Scientists See New Detail in Measures of Geological Movement
By Lisa Krieger
How do you measure a restless landscape?
It takes an earthquake for humans to feel the shift of geological plates beneath our feet. But a new network of hypersensitive tools installed around the Bay Area detects even the most subtle shrugs, providing important insights about the slow stretching, splitting and drifting of our region.
Part of the National Science Foundation-funded EarthScope, the most ambitious earth science project ever attempted, the Plate Boundary Observatory Project measures the movement and deformation of the Earth below the western United States with a level of detail and data accessibility never seen in geophysics.
Mounted on four legs for stability, these so-called “monuments” are tiny laboratories that talk to GPS satellites to transmit a steady stream of data, documenting millimeters of motion — whether up, down or sideways — relative to the stable central region of the United States.
When mapped over time, each monument is watched as it migrates. Geologists hope that these maps will yield a clearer understanding of the forces that are building our terrain and that will someday trigger a catastrophic earthquake.
“GPS is great at observing motions that a person cannot feel,” said geophysicist Jessica Murray-Morales of the U.S. Geological Survey in Menlo Park.
One monument, for instance, reveals that in the past year Russian Ridge in the south Bay Area moved 1.2 inches to the north, 0.8 inches west and grew 0.3 inches in elevation.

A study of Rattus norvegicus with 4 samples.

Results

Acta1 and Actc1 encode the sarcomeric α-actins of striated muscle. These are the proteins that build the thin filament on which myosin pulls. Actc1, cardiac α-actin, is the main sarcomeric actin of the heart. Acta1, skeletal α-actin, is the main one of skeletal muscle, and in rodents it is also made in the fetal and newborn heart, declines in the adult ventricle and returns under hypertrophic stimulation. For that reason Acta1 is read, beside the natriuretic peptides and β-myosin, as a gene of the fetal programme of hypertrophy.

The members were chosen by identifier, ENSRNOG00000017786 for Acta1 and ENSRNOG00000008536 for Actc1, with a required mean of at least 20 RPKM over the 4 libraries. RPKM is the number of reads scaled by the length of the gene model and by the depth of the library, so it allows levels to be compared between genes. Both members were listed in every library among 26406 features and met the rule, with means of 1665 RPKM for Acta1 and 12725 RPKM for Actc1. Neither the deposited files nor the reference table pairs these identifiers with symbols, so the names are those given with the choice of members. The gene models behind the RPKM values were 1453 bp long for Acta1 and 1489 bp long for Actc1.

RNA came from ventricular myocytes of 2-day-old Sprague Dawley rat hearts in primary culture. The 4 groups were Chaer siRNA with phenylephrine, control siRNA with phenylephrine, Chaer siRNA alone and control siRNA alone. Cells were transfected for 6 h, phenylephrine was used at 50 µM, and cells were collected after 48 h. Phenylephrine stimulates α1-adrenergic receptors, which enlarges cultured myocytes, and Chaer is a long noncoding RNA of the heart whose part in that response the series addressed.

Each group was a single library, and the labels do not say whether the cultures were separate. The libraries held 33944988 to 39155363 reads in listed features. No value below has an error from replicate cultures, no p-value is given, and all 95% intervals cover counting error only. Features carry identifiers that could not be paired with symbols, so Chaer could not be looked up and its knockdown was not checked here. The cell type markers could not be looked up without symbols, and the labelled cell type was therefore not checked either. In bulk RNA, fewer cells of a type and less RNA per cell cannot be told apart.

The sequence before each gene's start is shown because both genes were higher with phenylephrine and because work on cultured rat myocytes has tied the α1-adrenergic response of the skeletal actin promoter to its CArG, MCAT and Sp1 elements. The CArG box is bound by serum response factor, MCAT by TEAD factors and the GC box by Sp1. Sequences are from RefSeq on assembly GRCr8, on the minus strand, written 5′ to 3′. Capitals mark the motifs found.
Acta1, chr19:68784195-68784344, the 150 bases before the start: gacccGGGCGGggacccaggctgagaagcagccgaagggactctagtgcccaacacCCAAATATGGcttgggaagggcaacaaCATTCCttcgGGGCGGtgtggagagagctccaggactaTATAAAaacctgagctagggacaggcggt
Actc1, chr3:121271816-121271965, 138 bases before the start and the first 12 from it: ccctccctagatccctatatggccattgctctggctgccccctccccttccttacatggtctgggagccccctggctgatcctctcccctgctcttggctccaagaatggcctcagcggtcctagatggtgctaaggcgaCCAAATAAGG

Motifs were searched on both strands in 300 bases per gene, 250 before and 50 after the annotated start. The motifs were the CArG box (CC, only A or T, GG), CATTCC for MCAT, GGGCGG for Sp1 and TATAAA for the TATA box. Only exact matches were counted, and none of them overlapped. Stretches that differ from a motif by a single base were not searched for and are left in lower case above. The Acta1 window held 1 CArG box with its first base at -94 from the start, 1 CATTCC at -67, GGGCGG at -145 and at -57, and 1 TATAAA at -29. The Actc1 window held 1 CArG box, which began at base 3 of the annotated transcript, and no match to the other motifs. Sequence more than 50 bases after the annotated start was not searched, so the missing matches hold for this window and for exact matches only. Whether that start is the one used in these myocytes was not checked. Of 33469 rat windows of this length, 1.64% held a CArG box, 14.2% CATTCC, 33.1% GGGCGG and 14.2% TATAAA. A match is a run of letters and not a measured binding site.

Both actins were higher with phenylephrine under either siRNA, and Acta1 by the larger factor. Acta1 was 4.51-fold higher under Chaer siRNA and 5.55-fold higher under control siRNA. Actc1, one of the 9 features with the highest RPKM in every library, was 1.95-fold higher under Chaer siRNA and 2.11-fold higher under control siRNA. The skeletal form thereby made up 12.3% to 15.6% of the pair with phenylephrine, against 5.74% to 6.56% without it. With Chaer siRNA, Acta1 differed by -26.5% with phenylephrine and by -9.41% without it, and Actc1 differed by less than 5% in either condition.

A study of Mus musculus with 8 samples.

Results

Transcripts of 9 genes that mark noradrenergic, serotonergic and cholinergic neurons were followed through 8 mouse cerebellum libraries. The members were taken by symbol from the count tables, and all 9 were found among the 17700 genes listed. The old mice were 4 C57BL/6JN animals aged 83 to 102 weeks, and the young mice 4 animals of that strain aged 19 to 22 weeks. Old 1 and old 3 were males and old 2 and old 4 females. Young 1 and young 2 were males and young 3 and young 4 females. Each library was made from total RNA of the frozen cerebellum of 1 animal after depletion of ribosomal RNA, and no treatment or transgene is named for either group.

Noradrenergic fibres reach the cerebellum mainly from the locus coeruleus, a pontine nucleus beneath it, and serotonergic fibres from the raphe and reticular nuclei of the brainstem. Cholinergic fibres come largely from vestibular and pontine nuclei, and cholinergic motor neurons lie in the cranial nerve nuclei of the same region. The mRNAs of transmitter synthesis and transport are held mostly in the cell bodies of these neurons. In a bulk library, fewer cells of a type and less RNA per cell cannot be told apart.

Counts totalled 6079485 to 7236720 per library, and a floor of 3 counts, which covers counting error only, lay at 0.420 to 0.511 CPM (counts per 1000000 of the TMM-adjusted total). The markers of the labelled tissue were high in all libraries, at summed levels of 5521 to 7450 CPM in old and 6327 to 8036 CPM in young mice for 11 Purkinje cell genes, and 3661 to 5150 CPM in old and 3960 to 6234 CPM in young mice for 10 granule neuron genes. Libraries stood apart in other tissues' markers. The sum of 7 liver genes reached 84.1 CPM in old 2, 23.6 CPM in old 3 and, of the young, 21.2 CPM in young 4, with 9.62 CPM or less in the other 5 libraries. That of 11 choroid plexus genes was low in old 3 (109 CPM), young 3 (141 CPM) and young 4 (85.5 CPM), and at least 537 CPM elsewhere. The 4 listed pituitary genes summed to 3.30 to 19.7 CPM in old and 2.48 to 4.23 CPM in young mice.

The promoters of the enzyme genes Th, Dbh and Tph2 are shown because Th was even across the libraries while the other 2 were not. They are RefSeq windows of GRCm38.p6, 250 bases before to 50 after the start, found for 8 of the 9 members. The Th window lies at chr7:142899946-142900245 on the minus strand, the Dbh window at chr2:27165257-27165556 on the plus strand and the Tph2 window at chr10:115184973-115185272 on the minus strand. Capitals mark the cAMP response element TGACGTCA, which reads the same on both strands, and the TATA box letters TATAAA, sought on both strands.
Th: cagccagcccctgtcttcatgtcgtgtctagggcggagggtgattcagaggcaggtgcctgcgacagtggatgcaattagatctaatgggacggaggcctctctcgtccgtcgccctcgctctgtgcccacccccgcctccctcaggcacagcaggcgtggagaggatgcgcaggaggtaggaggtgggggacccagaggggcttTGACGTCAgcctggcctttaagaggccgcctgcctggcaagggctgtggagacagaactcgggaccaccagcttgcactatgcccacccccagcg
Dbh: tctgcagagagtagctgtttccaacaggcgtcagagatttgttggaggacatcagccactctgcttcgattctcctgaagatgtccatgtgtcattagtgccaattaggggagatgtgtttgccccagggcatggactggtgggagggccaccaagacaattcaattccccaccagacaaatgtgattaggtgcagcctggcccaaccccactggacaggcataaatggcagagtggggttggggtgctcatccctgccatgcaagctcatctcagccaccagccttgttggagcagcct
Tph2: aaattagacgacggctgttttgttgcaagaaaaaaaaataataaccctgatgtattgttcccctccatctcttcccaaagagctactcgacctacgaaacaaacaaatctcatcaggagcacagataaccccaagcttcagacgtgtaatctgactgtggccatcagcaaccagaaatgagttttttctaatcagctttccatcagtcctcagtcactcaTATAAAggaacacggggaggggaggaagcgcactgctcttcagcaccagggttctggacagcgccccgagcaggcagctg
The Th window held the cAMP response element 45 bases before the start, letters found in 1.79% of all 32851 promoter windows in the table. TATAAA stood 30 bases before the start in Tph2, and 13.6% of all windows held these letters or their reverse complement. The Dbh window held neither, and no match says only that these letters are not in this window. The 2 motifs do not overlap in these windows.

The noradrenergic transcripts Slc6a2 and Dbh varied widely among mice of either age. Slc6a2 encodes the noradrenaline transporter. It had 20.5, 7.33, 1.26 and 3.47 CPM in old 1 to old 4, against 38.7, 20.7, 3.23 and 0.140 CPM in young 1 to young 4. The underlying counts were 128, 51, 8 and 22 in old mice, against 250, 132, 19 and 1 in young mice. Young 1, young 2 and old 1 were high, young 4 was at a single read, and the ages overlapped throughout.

During installation, the steel legs must be drilled deep into bedrock, so as not to measure shallow landslides. With solar panels and batteries, the monuments are self-sufficient. Most are out of public view.
The monuments measure a different motion than the seismic waves released by earthquakes. For instance, they are now monitoring the slow creep of earth that followed the explosive burst of energy from the 5.9 magnitude earthquake near Alum Rock Park on October 31, 2007.
The Bay Area monuments hold particular interest to geologists because of the tension along the complex series of faults such as the San Andreas, the Hayward/Rodgers Creek and the Calaveras, where the North American tectonic plate and the Pacific plate converge. This wide fault zone is the site of much grinding, straining and stress and the likely locale of the Bay Area’s next big earthquake.
Because Bay Area monuments are located along different faults, some are traveling more quickly than others. They are part of a network of 1,000 GPS instruments, installed from the edge of the Pacific Coast to the Rocky Mountains and from Alaska to Mexico.
“It is similar to the GPS in a car, or that a hiker would use. It gives a position,” said Andre Basset, an engineer with UNAVACO Inc. of Boulder, Colo., which installs the stations. “But it does so much, much more accurately.”
The array was started in 2004 along the West Coast and will occupy about 2,000 locations across the continental United States in the next decade.
Some of the stations include “strainmeters,” clustered along active faults and in volcanic areas. About three meters long and 10 centimeters in diameter, they are cemented into rock below the surface to measure strain in three dimensions.
When a rock squeezes or relaxes, the strainmeters sense changes in their diameter to a part in a billion.
In other parts of the nation, the monuments reveal different problems. A collapsing station might mean that too much groundwater is being pumped out. On a melting glacier, they can measure the speed of retreat.
Although GPS is a proven workhorse, what’s new is its use on such a massive scale. Advances in moving and crunching big data sets make it possible, said Basset.
“The stations pump out coordinates all day long, every 15 seconds,” said Basset.
Geologists watch the monuments move day by day, even hour by hour. A typical instrument near a major fault would move about three centimeters a year. In a big earthquake, it could move meters.
In the Bay Area, “a lot of the stations are chugging northwards at a regular rate,” said Basset. “Even if there is no earthquake, they’re still moving.”
Originally published by Lisa Krieger , MediaNews staff.